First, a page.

Gus is trying to lose weight. He's getting married in the fall. Still, he can't resist when a coffee-shop barista offers him a bag of chips with his sandwich. Some things — chips, beer — he just can't live without.
Only 5 feet 3, Gus has a slim face with a neatly trimmed goatee. A baggy John Deere sweatshirt and jeans hide his body. Soon, he'll leave for his afternoon shift at a machine shop, where he'll spend the next 10 hours working alongside a bickering crew of men, welding and lifting thousands of pounds of machine parts. The only real difference between Gus and his co-workers: 32 years ago, he was born a woman.
Gus is just one of the men, women and children living under the transgender umbrella in Kansas City. It's a community that, because of its complexity, has yet to be quantified.
"The reality is, there is no way for us to count," says Caroline Gibbs, co-founder of the Transgender Institute. "There are people who haven't come out and those under the radar. There's no way we can know exactly how many trans people are out there."
So far, the transgender community has been defined by outsiders. Cross-dressers, people who wear the clothing of another gender, are often confused with transsexuals, people who identify as a gender other than the one they were born. It's a community that has been lumped in with lesbians, bisexuals and gays, which is an uneasy association because gender orientation is not analogous to sexual orientation.
Still, a nascent push from transgender advocates for equal treatment under the law (in 2008, the Kansas City, Missouri, City Council added gender identity to its anti-discrimination ordinance), and the movement echoes the early struggles of the gay community for awareness and protection.
"This is the Bible Belt," says Gibbs, a licensed gender counselor. "It's not going to be like New York City, Boston or San Francisco. But I do believe that we're really coming along in Kansas City."
Gender has always been defined as binary — either male or female. But in workplaces, and lining church pews and bar stools across the city, trans men and women are challenging the notion that gender is fixed. And the change is happening as early as preschool.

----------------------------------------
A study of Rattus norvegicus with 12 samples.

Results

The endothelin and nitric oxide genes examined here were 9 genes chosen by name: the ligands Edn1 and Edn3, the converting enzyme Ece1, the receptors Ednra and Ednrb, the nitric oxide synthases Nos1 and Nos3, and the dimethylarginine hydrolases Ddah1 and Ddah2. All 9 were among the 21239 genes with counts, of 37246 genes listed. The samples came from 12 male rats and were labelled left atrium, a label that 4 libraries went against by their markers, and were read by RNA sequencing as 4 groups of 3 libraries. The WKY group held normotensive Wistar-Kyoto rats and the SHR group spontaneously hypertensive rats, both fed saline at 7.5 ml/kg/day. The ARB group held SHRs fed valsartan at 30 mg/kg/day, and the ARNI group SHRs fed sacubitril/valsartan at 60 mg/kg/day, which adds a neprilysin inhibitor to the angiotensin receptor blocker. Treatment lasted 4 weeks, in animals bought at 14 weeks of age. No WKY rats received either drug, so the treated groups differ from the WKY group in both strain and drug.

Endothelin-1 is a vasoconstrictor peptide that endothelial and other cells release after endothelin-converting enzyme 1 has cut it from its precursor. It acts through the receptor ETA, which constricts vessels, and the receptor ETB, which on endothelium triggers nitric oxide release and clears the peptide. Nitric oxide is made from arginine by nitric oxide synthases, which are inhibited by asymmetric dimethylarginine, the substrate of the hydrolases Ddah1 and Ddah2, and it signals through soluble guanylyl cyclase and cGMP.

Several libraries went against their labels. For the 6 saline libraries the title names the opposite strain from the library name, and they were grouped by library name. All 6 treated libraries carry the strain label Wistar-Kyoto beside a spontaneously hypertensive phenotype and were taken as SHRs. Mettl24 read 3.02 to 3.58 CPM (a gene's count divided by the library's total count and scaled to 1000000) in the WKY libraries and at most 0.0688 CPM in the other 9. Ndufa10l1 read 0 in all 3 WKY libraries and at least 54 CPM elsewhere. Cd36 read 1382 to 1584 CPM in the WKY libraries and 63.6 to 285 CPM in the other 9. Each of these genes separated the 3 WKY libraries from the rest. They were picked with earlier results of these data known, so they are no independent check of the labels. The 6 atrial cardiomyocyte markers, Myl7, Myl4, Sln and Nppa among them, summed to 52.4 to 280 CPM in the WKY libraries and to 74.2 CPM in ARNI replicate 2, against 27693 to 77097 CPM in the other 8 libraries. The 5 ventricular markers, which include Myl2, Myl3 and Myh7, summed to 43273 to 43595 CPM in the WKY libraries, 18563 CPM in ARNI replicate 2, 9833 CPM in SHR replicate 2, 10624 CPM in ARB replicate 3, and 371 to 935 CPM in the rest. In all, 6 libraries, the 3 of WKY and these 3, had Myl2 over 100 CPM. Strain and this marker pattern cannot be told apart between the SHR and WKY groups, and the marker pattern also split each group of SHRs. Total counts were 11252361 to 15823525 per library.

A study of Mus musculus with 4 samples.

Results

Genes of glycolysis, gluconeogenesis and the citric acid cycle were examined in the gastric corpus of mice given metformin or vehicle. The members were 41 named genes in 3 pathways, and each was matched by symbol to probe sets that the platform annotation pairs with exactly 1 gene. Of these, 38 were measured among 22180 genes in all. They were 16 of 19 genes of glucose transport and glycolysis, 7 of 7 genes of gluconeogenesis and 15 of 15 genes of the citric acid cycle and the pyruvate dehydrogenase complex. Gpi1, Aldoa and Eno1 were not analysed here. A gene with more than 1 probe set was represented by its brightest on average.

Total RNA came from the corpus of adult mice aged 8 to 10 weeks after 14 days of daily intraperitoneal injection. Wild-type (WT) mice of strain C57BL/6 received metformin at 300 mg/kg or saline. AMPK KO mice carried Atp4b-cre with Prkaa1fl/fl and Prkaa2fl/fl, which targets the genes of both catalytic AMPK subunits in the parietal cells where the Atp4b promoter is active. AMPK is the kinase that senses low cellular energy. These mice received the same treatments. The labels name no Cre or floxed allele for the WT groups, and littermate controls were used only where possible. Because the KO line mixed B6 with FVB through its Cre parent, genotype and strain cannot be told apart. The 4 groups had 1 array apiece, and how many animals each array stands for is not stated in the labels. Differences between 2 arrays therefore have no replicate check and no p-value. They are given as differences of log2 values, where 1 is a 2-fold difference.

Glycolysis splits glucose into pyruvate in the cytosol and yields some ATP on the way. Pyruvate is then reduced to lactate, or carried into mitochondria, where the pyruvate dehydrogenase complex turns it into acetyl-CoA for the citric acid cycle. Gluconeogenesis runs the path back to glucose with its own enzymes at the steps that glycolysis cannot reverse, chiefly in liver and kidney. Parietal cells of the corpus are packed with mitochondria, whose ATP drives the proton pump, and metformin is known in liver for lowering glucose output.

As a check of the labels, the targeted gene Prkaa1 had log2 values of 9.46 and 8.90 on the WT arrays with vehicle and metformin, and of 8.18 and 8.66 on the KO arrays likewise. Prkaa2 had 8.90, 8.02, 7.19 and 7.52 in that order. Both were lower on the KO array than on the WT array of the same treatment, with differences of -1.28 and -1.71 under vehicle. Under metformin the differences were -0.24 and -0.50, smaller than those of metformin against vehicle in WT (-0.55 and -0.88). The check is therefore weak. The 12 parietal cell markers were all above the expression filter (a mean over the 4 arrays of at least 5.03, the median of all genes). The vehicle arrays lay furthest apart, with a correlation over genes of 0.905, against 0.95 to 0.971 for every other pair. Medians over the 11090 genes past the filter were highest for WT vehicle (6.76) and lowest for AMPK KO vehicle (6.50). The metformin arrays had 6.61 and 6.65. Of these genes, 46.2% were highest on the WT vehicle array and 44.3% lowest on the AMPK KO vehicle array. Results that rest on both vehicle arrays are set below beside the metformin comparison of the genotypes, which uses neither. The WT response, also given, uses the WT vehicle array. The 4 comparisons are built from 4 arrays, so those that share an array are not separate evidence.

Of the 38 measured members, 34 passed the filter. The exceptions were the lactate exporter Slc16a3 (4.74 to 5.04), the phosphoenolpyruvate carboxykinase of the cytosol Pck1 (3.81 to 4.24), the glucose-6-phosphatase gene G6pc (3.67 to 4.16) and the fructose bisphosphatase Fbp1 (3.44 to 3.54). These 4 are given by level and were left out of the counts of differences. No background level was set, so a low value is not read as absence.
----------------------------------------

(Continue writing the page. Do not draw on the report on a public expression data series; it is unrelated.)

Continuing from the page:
Gibbs holds three weekly support groups, one of which is exclusively for children (the group has seven children under the age of 12), who attend the sessions with their parents and try to understand their gender identity. Gibbs' youngest patient is 4 years old.
Gibbs says this goes much deeper than boys dressing as princesses or girls joining wrestling teams. These are children who persistently express their belief that they're another gender. For some, she recommends that they consult a local pediatric endocrinologist to discuss taking Lupron, a synthetic hormone that blocks the onset of puberty.
"Someone doesn't have to shoot up to be 6-foot-4 if they identify as a girl," Gibbs says. "The family has breathing space, and a child can decide with their family if this is the right move going forward."
Most of Gibbs' adult clients didn't have the luxury of therapy while growing up. She guides them through their transition by coaching them on how to talk, stand, gesture and dress — visual triggers to help them pass as their preferred gender in the world.
"Trans people have to live with being objectified a lot," Gibbs says. "It's an ugly place to be, and nobody wants to live in that place. The fact that people would be willing to live openly in the face of all kinds of denigration tells me how compelling this urge to live out their true gender really is."